It’s tax season, the one time the government gives back what they owe to the American people. The average working American can expect anywhere from $300 to up to $8,000 back from the Internal Revenue Service.
But for some people there is a catch to this possible windfall of money. If you’re a Federal Student Loan Borrower, and you haven’t been making your payments, the government could garnish your tax return or take it away all together.
If you’re not making payments because you have a deferment or forbearance, do yourself a favor and double check the status of that. One of the collection tools available for defaulted federal student loans is called a Federal Income Tax Return Intercept.
Deferments and forbearances come in 6 and 12-month time spans. If you don’t know when it ends, make a call to your student loan servicer and verify your account is still active. If it is then you have nothing to worry about in terms of filing your taxes.
However, if the deferment or forbearance has ended, you may be in trouble depending on how long ago your plan ended. If you have missed a few payments, even as many as 6, you should have time to save your loan from going into default. Call your servicer immediately and ask what can be done to get your loan back on track. If you’ve missed 9 or more payments, your loan is likely in default.
If your loan is in default, you may not get your tax refund due to a Federal Income Tax Return Intercept.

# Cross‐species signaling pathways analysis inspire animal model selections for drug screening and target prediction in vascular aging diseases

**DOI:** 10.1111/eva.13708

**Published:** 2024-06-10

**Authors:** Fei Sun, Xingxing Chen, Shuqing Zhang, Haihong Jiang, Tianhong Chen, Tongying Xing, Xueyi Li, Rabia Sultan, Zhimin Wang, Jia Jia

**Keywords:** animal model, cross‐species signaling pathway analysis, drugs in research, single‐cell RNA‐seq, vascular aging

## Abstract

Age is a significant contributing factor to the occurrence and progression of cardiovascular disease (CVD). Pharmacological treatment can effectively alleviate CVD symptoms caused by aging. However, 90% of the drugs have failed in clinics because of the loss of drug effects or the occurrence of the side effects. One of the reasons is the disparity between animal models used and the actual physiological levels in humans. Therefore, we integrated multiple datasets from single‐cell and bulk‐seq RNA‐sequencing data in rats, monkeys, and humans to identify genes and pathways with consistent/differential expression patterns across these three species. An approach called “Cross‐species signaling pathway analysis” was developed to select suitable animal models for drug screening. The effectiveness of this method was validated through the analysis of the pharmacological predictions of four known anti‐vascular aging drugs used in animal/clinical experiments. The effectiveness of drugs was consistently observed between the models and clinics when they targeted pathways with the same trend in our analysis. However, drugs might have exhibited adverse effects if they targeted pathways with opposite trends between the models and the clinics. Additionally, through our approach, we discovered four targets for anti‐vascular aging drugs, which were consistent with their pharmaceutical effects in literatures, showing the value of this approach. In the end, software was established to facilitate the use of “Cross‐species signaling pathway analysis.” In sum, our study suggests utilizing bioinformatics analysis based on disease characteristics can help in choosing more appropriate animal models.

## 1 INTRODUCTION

How does the Federal Income Tax Intercept Work
The U.S. Department of Education sends a note to the Treasury letting them know that you have not made payments on your federal loan. Upon the Treasury being told by the IRS to issue a refund check, your funds are instead forwarded to the U.S. Department of Education to be applied towards your defaulted federal student loan balance.
Getting Income Tax Refunds Back After Intercept
If you file a joint tax return with your spouse and part of the money is owed to the non-borrowing spouse, he or she can file an IRS form to get their share of the refund back.
You, the borrower, will not get back any refund money taken to pay your defaulted federal student loan. You can avoid future intercepts by rehabilitating your federal student loan and remaining current on payments.
ALWAYS CHECK THE STATUS OF YOUR LOAN
If you’re in default, take action. Don’t let the fear of not wanting to know push you further into debt. Get your loan out of default, get a payment plan with the help of Degrees of Success and then you can file your tax return with no fear. Can you fix your default before the April 15th deadline? It is possible, but you may find it less stressful to file an extension until October to research and act on the best method to fix your default.
For more information about getting your loan out of default please contact the Degrees of Success team today.